Making NOAA Climate Forecasts Useful to Farmers
By Don Comis
November 6, 2009
Climate forecasts are becoming more
useful to farmers and ranchers, thanks to research by
Agricultural Research Service (ARS)
scientists and their cooperators.
Schneider, hydraulic engineer
Garbrecht and hydrologist
Zhang at the ARS
Plains Agroclimate and Natural Resources Research Unit in El Reno, Okla.,
are working with the National Oceanic and
Atmospheric Administration (NOAA) to translate seasonal climate forecasts
into possible daily weather outcomes. This research supports the
U.S. Department of Agricultures
priority of helping farmers and ranchers cope with climate change.
Currently, NOAA forecasts are seldom used in agriculture. One problem is
that they cover too large an area for direct agricultural application.
Schneider found that NOAAs predictions of periods of above-average
temperatures were accurate enough to be possibly useful for agriculture over
most of the lower 48 states. However, currently available forecasts for
cooler-than-average temperatures are generally too unreliable for many uses
anywhere in the country.
Forecasts for wetter- or drier-than-average conditions are mostly useful in
only about 10 percent of the lower 48 states. In these regions, seasonal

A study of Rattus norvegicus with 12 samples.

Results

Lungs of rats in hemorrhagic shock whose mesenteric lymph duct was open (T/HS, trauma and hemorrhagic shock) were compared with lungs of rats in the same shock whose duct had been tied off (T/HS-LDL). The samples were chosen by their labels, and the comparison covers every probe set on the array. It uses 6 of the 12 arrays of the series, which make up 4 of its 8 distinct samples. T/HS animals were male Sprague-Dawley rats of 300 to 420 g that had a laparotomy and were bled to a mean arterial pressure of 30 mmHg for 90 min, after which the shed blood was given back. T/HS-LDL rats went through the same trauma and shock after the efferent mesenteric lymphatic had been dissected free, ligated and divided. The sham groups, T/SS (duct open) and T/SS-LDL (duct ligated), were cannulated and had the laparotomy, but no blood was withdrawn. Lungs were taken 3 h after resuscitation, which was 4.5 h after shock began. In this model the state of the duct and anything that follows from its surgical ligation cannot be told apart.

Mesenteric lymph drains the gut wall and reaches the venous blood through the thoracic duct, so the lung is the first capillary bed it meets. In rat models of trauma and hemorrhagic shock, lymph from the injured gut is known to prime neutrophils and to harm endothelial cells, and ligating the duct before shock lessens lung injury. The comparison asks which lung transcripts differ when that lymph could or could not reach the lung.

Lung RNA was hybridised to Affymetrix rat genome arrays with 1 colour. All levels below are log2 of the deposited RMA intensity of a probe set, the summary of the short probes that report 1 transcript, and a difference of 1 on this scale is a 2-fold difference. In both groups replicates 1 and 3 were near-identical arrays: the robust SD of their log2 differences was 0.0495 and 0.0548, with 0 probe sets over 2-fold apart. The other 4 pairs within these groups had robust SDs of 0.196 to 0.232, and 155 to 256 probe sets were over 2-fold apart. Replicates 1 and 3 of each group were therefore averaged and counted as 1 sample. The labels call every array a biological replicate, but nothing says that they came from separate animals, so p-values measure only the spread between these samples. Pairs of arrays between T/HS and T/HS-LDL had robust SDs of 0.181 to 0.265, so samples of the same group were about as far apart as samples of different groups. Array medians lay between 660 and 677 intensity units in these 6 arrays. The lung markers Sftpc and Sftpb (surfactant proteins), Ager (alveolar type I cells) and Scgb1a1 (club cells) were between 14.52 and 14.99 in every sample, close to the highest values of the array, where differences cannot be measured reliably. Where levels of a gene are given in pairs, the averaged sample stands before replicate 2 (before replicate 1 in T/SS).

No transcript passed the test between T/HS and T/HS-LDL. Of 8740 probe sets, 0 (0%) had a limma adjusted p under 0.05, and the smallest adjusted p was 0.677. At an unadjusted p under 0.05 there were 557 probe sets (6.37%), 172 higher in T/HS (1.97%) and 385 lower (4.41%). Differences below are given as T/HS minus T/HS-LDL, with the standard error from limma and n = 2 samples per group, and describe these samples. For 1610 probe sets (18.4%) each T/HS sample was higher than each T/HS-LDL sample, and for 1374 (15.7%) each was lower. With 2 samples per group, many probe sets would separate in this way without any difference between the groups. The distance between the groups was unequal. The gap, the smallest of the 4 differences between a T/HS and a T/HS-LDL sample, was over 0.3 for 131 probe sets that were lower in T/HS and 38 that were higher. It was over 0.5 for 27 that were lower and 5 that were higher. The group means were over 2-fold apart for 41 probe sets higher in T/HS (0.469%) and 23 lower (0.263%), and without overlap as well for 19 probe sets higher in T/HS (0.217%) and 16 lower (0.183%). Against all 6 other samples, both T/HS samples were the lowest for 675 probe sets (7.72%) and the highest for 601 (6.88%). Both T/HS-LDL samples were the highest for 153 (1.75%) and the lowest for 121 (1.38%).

precipitation predictions may assist crop insurance programs and other
agricultural enterprises that operate at regional scales.
Garbrecht, Schneider and Zhang are developing computer models for
climate-related decision support. Schneider developed new methods to downscale
seasonal forecasts to the farm scale and express them in one-month increments.
Garbrecht modified an ARS-developed software program to generate daily weather
outcomes corresponding to these monthly climate forecasts. And Zhang developed
a winter wheat grazing model to assess potential impacts of the seasonal
forecasts on forage, beef and grain production.
Forecast methodologies are improving rapidly, spurring major advances in
Demonstrations of specific agricultural applications in regions that can
currently benefit from forecasts should help spur wider use elsewhere as
more about this and other climate change research in the November-December
2009 issue of Agricultural Research magazine.
ARS is USDAs principal intramural scientific research agency.